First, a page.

4 key things final Mifid II standards revealed

The European Securities and Markets Authority (ESMA) has released the final regulatory technical guidance for the markets in financial instruments directive (Mifid II) but what are the key points for investment firms contained in the 400 page document? 

Bond liquidity definitions have been decided 

ESMA has finalised the rules for how bond liquidity will be calculated across Europe and how trading will work.  

ESMA has confirmed that it will use a combination of two of the methods being suggested: the Classes of Financial Instrument Approach (COFIA) and the Instrument by Instrument Approach (IBIA). 

The COFIA method categorises bonds into different groups and then uses their size to determine their liquidity, while the IBIA assesses the liquidity of individual bonds. 

The IBIA method will be used to calculate bond liquidity while the COFIA method will be used for derivatives, such as bond futures. 

ESMA says IBIA will use the average daily notional amount, the average daily number of trades, and the minimum number of days on which the bond traded over a set period to determine liquidity. 

However, the Investment Association was arguing for the COFIA approach to be used across all bonds. 

“Whilst recognising that neither approach was perfect, we continue to believe that COFIA is more appropriate as the determination of a bond’s liquidity needs to be simple, stable and predictable,” says the IA. 

Equity trading rules have been laid out 

The final guidance laid out the rules for equity trading, as the regulation attempts to crack down on institutional investors trading in ‘dark pools’ to avoid moving the market ahead of trading in large numbers of shares. 

The new rules place restrictions on how much company equity can be traded in any one dark pool and another cap on the amount any one stock that can be traded in multiple dark pools across Europe. 

However, one consequence of this is ‘double volume cap’ is that for the first 11 months of it being in place it will be subject to a measure in the first Mifid directive, says the IA. 

“This will lead to a significant number of shares being wrongly banned from benefiting from the price improvement available on dark pools – ultimately leading to investor detriment,” says the IA.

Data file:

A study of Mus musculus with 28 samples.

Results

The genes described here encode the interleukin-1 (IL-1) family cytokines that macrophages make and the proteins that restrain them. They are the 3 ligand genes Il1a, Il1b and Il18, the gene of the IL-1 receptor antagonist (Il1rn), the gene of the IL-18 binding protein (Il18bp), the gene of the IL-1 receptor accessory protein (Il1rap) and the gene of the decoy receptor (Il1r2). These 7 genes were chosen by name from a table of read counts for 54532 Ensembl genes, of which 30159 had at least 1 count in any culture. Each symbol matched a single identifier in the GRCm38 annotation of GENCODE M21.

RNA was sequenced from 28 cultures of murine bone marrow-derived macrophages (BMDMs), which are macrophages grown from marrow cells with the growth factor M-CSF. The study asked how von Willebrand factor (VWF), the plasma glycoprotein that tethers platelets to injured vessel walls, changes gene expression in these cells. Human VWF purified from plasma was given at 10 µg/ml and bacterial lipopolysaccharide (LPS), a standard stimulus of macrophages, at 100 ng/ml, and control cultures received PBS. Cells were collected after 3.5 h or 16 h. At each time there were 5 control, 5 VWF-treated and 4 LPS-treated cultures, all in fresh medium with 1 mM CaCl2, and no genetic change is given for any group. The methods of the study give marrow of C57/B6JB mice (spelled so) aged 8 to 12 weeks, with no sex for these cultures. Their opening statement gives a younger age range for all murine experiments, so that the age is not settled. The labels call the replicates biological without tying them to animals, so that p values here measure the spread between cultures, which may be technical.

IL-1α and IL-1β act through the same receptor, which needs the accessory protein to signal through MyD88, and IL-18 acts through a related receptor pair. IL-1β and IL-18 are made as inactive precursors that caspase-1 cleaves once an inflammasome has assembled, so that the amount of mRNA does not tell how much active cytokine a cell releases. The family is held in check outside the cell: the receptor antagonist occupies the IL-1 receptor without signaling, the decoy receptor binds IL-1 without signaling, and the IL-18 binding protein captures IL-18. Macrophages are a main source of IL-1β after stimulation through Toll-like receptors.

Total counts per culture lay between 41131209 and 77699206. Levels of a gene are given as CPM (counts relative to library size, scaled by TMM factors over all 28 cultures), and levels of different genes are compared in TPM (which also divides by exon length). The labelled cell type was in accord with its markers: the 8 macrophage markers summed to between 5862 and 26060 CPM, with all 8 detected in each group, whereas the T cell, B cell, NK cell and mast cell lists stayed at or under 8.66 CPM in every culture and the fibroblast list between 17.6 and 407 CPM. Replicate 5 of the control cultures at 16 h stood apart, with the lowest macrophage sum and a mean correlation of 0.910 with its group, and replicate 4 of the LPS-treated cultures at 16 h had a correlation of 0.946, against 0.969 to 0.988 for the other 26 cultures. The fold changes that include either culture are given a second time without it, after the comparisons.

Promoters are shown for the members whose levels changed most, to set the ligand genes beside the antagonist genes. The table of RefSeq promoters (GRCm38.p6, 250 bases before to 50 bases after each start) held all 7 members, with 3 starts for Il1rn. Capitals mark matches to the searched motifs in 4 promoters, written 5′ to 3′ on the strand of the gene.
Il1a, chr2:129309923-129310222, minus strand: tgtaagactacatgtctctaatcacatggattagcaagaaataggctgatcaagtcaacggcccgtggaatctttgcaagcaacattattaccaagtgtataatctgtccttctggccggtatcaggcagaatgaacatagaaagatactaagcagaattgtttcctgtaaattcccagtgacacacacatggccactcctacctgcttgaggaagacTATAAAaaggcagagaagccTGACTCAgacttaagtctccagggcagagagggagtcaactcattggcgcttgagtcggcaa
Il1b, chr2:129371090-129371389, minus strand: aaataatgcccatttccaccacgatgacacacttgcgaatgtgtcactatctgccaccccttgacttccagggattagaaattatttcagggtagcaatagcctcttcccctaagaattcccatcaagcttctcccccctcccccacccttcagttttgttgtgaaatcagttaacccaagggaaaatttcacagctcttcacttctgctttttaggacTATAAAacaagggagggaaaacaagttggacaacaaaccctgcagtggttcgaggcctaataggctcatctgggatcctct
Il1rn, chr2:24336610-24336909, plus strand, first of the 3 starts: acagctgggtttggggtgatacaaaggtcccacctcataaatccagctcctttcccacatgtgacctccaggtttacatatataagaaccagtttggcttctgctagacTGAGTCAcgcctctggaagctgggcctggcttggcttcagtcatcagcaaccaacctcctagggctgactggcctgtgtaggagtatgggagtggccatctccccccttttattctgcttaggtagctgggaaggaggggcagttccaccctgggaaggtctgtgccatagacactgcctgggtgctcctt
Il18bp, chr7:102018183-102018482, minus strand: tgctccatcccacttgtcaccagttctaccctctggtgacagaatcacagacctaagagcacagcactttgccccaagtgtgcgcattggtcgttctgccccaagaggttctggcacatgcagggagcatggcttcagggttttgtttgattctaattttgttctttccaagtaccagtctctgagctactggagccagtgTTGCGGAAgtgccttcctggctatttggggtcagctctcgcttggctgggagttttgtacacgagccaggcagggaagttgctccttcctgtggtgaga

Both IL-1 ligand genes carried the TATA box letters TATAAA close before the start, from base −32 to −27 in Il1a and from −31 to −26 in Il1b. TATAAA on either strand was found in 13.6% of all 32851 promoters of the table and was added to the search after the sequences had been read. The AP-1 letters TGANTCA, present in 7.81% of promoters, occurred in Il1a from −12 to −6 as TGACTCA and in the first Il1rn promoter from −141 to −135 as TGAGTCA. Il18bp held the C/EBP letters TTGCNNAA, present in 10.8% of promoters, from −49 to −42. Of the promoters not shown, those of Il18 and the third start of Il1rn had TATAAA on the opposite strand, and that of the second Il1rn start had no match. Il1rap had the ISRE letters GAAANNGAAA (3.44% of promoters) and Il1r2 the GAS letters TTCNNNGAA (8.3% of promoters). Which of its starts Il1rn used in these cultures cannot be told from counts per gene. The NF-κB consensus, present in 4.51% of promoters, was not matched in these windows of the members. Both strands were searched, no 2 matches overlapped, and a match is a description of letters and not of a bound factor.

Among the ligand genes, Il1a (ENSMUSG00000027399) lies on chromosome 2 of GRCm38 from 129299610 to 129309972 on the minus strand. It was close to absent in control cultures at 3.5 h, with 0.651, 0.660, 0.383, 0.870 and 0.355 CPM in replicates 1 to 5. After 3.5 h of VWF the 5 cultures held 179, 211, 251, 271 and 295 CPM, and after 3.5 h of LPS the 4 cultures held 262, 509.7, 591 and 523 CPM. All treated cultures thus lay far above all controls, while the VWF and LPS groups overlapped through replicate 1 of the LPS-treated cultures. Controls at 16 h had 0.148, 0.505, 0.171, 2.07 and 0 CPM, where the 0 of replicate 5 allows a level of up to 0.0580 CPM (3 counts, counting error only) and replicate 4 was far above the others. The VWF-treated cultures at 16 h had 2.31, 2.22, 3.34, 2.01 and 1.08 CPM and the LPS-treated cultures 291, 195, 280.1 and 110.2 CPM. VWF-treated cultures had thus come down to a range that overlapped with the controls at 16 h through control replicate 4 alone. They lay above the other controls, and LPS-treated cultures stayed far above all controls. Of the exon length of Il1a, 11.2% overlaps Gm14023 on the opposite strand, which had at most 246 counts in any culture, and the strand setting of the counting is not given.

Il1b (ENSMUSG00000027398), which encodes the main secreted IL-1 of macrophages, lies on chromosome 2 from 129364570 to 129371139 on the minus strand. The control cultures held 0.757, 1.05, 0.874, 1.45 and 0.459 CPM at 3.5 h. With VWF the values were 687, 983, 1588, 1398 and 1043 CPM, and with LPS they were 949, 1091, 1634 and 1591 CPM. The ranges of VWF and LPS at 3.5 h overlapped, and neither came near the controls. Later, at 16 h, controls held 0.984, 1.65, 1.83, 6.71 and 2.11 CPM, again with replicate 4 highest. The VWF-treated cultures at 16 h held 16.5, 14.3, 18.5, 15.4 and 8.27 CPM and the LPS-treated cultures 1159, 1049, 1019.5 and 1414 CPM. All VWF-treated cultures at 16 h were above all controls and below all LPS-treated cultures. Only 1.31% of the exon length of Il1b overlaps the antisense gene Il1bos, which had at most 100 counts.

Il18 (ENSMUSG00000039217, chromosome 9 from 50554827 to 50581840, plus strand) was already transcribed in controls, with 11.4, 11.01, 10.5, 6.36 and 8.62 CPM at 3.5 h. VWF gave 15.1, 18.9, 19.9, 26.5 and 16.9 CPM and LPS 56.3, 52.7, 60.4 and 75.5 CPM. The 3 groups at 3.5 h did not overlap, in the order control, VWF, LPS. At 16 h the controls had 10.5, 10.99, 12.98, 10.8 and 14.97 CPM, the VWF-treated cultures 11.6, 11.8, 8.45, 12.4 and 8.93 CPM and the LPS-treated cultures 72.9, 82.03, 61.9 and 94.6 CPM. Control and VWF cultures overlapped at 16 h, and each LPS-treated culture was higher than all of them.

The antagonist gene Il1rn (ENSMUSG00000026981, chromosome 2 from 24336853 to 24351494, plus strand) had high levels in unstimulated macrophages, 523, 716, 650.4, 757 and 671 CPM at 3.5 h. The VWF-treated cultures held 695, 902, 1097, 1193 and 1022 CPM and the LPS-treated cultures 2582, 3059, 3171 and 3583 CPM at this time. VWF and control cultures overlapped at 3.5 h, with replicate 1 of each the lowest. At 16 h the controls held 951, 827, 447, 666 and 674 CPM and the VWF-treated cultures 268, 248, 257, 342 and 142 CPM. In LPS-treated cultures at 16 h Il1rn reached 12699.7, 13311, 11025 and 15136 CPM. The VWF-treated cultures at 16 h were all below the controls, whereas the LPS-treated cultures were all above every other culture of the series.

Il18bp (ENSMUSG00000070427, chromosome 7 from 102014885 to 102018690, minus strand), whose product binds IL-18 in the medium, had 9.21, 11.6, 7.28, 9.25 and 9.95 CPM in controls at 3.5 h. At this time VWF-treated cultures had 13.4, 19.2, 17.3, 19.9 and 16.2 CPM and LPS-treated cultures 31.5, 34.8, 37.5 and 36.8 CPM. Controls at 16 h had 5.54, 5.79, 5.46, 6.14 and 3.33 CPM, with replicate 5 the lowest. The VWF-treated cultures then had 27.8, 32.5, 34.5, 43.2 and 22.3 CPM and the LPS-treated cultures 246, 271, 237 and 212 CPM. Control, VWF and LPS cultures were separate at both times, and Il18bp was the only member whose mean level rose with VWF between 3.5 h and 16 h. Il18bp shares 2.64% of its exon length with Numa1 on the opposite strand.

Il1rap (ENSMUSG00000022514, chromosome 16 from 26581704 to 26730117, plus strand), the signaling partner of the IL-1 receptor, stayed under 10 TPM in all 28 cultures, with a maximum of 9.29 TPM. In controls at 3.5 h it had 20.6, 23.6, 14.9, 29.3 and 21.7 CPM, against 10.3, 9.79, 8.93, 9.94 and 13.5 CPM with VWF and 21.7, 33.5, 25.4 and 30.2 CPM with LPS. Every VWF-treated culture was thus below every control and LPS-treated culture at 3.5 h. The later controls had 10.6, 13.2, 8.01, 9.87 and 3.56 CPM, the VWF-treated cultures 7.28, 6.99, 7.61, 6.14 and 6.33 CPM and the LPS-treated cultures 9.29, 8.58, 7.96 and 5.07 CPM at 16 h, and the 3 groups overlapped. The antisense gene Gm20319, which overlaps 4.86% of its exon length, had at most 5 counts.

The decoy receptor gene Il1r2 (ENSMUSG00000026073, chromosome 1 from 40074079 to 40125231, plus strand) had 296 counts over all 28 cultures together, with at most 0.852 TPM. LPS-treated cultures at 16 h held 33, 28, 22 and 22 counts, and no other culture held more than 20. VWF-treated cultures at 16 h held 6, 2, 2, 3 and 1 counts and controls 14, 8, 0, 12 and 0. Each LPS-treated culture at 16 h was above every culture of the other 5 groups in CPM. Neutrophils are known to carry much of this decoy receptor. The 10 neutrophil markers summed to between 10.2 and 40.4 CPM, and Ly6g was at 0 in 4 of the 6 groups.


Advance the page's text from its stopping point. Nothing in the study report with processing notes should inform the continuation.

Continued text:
Transaction reporting means overhaul of systems for managers 

The final standards have seen an “upgrading” to the transaction reporting regime, says ESMA. The rules now detail how the data should be reported and new rules on how European branches of non-European firms should carry out reporting. 

This is the big issue for asset managers, that requires an overhaul of the IT systems for some, says Sean Tuffy, head of regulatory intelligence at Brown Brothers Harriman. 

The changes mean the responsibility for transaction reporting moves from the sell side to asset managers, which is a “huge deal”, says Tuffy. 

“What they are most keenly focused on is that reporting. The industry is still working out how to tackle that, whether to use an outsourcing model or build it internally,” he says. 

“From a day-to-day operations perspective for asset managers the biggest challenge is that groups have to prepare for 2017, and that isn’t that far away especially if they have to build a new system out,” he adds. 

Investment firms must provide execution details 

Best execution rules have been defined, with investment firms carrying out client orders having to provide annual information to make clear the quality of the trades. 

The final standards are intended to ensure that investment firms always get best execution for their clients. They state “firms must publish annually details of the top five execution venues for each class of financial instrument and the quality of execution obtained”. 

However, ESMA has not revealed the financial instruments and how such information should be published. 

The IA has claimed that the additional information will not be of benefit to end investors due to the level and complexity of the data. “Such a tick-box exercise, as proposed by ESMA, will not provide our clients with a better understanding of how we fulfil our fiduciary duty to them,” the IA says.